Report: Pope Francis thanks Malta bishops for guidelines allowing adulterers to receive Communion
April 6, 2017 (LifeSiteNews) – According to a Maltese news outlet, Pope Francis thanked the Catholic bishops of Malta for their interpretation of Amoris Laetitia, which says active adulterers may receive Holy Communion if they feel "at peace with God."
Newsbook reported that Cardinal Lorenzo Baldisseri, Secretary General of the Synod of Bishops, recently sent the Maltese bishops a letter on behalf of Pope Francis.
The Malta bishops' guidelines opened the door to Communion for Catholics in adulterous unions, saying it might be "humanly impossible" to follow Church teaching and live chastely while civilly remarried. The guidelines also suggest that a couple in an invalid union might "give rise to greater harm" by not committing adultery.
The Catholic Church teaches that marriage is permanent and lifelong, making "remarriage" an impossibility unless the previous union is declared "null." The Catholic Church also teaches that the Eucharist is the literal body, blood, soul, and divinity of Jesus Christ, so only Catholics in a "state of grace" may receive it. Catholics are supposed to go to Confession before receiving Holy Communion if they have committed serious (mortal) sin. Those who are divorced and civilly remarried must live as "brother and sister" in order to receive the Sacraments.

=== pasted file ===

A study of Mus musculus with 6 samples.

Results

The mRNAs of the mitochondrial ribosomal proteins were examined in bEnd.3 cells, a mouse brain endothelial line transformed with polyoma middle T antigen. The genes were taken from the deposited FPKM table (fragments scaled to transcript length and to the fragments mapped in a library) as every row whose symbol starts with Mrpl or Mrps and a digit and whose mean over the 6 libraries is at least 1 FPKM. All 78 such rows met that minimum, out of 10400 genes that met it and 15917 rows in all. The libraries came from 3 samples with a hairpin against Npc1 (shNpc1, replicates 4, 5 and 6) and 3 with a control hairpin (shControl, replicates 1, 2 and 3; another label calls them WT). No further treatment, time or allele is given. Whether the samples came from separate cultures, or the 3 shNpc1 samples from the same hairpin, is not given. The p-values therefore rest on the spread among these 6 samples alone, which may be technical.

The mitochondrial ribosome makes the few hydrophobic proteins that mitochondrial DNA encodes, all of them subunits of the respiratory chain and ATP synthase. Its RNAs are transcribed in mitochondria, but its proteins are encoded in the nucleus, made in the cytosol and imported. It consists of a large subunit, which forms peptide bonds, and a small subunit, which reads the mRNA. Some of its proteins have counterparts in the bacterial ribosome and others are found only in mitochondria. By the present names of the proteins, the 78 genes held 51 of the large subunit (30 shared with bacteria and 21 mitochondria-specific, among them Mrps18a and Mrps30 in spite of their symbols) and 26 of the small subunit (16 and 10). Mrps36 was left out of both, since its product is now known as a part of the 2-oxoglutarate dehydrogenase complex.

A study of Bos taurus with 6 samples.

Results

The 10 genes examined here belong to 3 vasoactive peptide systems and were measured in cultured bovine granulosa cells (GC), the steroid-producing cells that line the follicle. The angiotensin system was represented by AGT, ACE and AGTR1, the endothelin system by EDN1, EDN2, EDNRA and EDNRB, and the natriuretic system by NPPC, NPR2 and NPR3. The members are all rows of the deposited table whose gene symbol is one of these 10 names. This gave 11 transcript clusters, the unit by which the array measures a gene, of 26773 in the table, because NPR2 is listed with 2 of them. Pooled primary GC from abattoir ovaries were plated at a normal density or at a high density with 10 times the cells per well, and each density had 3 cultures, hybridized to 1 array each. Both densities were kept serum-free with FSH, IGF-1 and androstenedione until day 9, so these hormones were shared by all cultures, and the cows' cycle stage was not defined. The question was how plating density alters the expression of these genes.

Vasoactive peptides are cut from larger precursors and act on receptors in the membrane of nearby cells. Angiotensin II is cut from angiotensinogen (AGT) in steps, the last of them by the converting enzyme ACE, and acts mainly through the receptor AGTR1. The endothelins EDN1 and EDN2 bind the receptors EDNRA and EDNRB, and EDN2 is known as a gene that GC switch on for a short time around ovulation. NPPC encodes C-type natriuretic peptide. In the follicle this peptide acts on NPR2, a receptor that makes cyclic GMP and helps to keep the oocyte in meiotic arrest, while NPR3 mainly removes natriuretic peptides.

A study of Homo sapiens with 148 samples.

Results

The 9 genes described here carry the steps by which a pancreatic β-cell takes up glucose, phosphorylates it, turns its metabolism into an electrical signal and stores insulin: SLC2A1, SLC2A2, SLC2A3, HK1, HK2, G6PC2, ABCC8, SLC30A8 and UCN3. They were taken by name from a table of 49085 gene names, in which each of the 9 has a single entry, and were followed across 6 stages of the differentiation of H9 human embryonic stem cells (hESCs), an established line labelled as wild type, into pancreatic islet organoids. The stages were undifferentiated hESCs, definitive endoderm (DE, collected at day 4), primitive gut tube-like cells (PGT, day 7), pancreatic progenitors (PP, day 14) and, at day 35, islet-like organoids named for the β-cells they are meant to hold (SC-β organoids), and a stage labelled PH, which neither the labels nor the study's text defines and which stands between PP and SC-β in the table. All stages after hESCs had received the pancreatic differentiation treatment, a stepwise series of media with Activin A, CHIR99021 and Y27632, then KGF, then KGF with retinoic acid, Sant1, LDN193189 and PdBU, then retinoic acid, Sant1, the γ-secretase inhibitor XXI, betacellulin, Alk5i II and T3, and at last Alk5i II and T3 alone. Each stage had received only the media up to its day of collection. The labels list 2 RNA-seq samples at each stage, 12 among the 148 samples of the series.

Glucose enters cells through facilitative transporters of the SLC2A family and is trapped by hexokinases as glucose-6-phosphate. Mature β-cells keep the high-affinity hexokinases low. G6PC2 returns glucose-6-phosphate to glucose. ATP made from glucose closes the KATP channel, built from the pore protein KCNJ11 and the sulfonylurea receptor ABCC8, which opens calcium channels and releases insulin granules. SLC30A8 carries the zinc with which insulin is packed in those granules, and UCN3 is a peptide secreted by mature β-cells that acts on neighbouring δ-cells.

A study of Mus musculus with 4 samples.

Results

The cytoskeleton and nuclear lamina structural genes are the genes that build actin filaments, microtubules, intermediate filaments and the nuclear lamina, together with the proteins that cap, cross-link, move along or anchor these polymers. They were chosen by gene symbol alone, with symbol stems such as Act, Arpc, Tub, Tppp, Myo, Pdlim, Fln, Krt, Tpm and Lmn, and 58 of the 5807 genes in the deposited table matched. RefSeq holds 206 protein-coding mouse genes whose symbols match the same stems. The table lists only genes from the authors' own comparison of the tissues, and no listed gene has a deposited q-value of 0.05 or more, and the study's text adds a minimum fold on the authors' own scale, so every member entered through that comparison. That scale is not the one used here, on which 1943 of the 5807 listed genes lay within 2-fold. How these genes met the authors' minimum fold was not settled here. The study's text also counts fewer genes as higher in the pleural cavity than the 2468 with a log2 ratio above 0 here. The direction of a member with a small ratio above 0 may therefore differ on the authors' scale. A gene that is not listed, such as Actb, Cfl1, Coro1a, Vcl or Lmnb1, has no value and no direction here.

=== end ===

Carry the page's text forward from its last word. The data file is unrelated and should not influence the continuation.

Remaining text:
Shortly after their release, the Vatican's semi-official newspaper, L'Osservatore Romano, published the Maltese bishops' guidelines.
The document released by the Maltese bishops, titled Criteria for the Application of Chapter VIII of Amoris Laetitia, said its instructions are "in line with the directions given by Pope Francis."
Archbishop Charles Scicluna, the Archbishop of Malta, said that seminarians who disagree with his and Bishop Mario Grech's interpretation are free to leave the seminary.
"The seminary gate is open" and they are free to leave, he told the National Catholic Register. Several websites reported Grech threatened to suspend priests who refused Holy Communion to remarried divorcees, which Grech denied.
Canon lawyer Ed Peters called the Malta guidelines a "disaster."
"In my view the Maltese bishops have effectively invited the Catholics entrusted to them (lay faithful and clergy alike!) to commit a number of objectively gravely evil acts," he wrote.
Peters argued that the Communion for divorced and remarried-endorsing Amoris Laetitia guidelines of the bishops of Buenos Aires, which Vatican Radio confirmed Pope Francis approves of, aren't as bad as the ones released by the Malta bishops.
Pope Francis hasn't responded to the dubia, or formal request, of four cardinals asking whether Amoris Laetitia is compatible with Catholic morality.